The Hancock-Henderson Quill, Inc.
by Dessa Rodeffer, Quill Publisher/Owner
Seeing Kyle and Kori Mesecher win top honors in baseball comes as no surprise to folks around Henderson County who know their families.
Their mother Connie (Ricketts) Mesecher who grew up playing ball in Oquawka was a power-house pitcher and batter for the first girl's ball team formed by her parents Dean and Nancy Ricketts in 1977.
Like Kyle, Connie also signed to play college softball at Carl Sandburg on a scholarship and played during the 1983 and 1984 seasons.
Their dad, Rod Mesecher enjoyed playing shortstop and center field at the same time his future wife Connie was pitching for Oquawka.
He went on to play Legion Ball coached by Jens Notestein, who had played triple A baseball in his prime.
Rod joined a team at Southeastern for a year where he played outfield before he entered into the work force.
Kyle and Kori's grandparents also were ball players.
Grandpa Ross Mesecher coached their dad Rod in Little League in Stronghurst. As a teen and a young adult, Grandpa Ross enjoyed being the catcher in both baseball and fastpitch softball teams.
Their Grandpa Dean Ricketts, for many years, was the Oquawka Little League coach and Grandma Nancy was the official scorekeeper.
After their daughter Connie played one year on the league, they decided the girls should have their own fastpitch team. So they formed a league that included many of the area towns throughout the county offering girls a chance to play on their own girls teams.
The league continues today and has grown to include many age groups with tournaments played in La Harpe every year.
Dean played in his youth and continued into adulthood on the Gladstone Clippers and other men's fastpitch softball teams.
Kyle and Kori's great grandfather Leslie Ricketts played centerfield for the Farm Bureau Men's Baseball Team in the 1920's and 30's traveling to many places including Brown County, Mt. Vernon, and the Fort Madison Prison in Iowa.
Kyle and Kori's great Aunt Joyce Ricketts, Grandpa Dean's sister, of Oquawka, is listed in the baseball Hall of Fame in Cooperstown, NY.
In 1950, she caught the eye of a professional softball scout as an outstanding slugger on the Burlington Merchants ballteam, but her father would not let her turn pro until she finished high school.
Once that happened in 1951, she signed with the Rock'Ola Chicks, one of six professional softball teams that made up the Chicago National league.
In 1953, Grand Rapids (Michigan) Chicks manager and former 1920's and 30's Chicago Cubs third baseman Elwood "Woody" English lured Joyce away from the Chicago National League and into the All-American girls Professional Baseball League. She signed with the Grand Rapids Chicks and was one of the "league's most impressive long ball hitters in many years."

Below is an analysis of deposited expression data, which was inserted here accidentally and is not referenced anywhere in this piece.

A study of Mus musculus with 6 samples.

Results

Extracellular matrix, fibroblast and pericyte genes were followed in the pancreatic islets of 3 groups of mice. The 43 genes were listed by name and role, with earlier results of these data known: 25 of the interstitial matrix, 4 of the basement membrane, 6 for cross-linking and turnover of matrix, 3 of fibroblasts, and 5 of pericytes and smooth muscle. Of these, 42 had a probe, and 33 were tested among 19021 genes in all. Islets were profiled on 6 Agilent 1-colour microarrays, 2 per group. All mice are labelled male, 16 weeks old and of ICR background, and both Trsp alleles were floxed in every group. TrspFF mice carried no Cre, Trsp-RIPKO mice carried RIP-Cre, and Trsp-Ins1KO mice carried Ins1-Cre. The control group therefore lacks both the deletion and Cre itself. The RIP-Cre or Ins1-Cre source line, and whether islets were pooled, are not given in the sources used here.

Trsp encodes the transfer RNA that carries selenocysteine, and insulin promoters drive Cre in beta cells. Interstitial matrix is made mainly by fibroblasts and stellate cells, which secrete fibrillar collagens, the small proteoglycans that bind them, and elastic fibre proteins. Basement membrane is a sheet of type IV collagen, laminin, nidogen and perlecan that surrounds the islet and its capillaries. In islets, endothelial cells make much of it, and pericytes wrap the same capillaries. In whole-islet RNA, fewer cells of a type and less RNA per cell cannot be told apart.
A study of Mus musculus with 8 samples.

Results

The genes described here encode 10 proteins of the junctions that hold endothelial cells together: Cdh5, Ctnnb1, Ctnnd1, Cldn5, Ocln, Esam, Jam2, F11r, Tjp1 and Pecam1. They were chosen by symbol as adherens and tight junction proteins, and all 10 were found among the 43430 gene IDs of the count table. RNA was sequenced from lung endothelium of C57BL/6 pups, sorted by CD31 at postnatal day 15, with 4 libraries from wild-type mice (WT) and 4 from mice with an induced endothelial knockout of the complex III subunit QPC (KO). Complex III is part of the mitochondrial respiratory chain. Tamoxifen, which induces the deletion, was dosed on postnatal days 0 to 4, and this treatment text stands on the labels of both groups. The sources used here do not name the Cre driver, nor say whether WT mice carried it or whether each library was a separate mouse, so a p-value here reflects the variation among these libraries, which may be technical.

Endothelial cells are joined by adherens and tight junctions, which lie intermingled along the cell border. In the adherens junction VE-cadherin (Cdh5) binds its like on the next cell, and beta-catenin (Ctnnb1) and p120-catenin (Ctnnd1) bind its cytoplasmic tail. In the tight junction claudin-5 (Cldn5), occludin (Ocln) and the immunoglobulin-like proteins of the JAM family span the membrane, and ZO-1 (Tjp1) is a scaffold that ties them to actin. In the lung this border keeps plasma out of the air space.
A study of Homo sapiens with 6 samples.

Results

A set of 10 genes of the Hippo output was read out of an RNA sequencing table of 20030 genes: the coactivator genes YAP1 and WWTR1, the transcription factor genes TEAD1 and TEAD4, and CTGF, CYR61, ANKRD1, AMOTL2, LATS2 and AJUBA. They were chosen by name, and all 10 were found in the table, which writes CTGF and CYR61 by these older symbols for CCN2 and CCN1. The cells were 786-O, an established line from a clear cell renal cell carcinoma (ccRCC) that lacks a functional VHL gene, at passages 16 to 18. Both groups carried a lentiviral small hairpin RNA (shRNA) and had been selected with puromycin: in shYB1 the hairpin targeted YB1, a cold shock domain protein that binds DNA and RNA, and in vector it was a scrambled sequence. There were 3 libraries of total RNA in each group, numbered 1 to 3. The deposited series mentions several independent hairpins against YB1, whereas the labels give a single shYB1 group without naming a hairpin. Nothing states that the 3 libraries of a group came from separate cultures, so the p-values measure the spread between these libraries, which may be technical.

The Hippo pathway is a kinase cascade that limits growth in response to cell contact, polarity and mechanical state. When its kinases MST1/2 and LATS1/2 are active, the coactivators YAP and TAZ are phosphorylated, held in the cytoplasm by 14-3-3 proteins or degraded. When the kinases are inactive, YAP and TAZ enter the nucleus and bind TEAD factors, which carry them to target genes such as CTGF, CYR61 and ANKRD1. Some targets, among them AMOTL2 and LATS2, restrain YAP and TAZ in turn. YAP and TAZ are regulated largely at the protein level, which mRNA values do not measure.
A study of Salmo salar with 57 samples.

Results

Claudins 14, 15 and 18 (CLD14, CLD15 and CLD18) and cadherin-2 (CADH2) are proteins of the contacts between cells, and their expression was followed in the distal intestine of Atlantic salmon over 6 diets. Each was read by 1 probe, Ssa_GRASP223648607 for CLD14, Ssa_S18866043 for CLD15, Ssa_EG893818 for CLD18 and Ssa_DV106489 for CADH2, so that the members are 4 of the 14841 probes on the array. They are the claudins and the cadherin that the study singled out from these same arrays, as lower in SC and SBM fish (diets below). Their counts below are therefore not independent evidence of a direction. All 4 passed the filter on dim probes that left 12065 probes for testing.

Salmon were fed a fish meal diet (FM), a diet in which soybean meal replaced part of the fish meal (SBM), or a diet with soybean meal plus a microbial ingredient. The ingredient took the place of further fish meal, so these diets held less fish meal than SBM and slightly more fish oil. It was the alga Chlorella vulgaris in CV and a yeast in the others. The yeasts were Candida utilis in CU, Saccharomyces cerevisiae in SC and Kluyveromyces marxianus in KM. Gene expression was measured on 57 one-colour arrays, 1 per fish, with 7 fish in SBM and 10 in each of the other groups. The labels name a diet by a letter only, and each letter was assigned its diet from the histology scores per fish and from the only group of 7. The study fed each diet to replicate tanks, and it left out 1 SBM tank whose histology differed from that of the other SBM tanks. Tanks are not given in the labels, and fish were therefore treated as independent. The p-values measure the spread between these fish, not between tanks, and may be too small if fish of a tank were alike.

After the chick's challenged the Kalamazoo Lassies for the post season championship and won, Rookie Joyce Ricketts was named to the league's All Star Team. In 1954, she was again selected to the All Star team.
Sadly, at the close of the "54 season, the All-American League girls Professional Baseball League folds after 12 years in existence.
It wasn't until 1988, Nov. 5th, in Coopertowns, NY, the league is honored when the Hall of Fame unveils "Women in Baseball" devoted to the ladies' achievements. It was the first of its kind in the previously all-male baseball hall.
Recognition awaits the female athletes who were pioneers of their time keeping the spirit of baseball alive when the men players were called away during the war years.
"Joyce Ricketts, (nicknamed "Rick") a farm girl from the small town of Oquawka, Illinois is present and savors her moment of greatness.
"She and the members who played in the historical women's baseball league (1943-1954) are recognized in baseball history for their contributions to the sport.
"Their names are inscribed on a plaque that is forever housed on the second floor of the nation's baseball shrine."
In 1992, Kyle and Kori's Great Aunt Joyce passed away unexpectedly at her Michigan home only weeks before the motion picture "A League of Their Own" opened across the country to rave reviews for the contributions Joyce and other women baseball players had made.
Then in 2000, Joyce's official baseball card #395 of the AAGPL Players' Association is released.
One of the news clippings reported of her first days with the Chicks filling the right field spot:
"She proved she is worthy of that position last week. Joyce belted out a home run that shattered a window at the far end of South Field in Grand Rapids, during a recent workout."
"Joyce, a 5-feet 7 1/2 inch blue-eyed blonde, has performed as Woody hoped she would when he plucked her off the top-notch Magic Maid softball team in the Chicago National League."
She was hitting .281 with the Maids, and swings a hefty 36 inch bat, a left-handed hitter."
A bit of trivia about all the Ricketts ball players down through the years, including Kori and Kyle: they are all right-handed, but they all bat left-handed.
On the back of her baseball card along with her batting record it states:
"A standout in her two seasons with the Grand Rapids Chicks, "Rick" made the All-Star Team in both 1953 and 1954. A long-ball threat every time at bat, she hit 15 home runs in 1954 and had a batting average of .317. A promising career ended when the league folded after the 1954 season. Joyce passed away 5/8/92."
Although history may be the last thing on these busy teenagers minds, Kyle and Kori are adding another link of baseball greatness to the Mesecher-Ricketts family tree. It will be interesting to see how the story continues.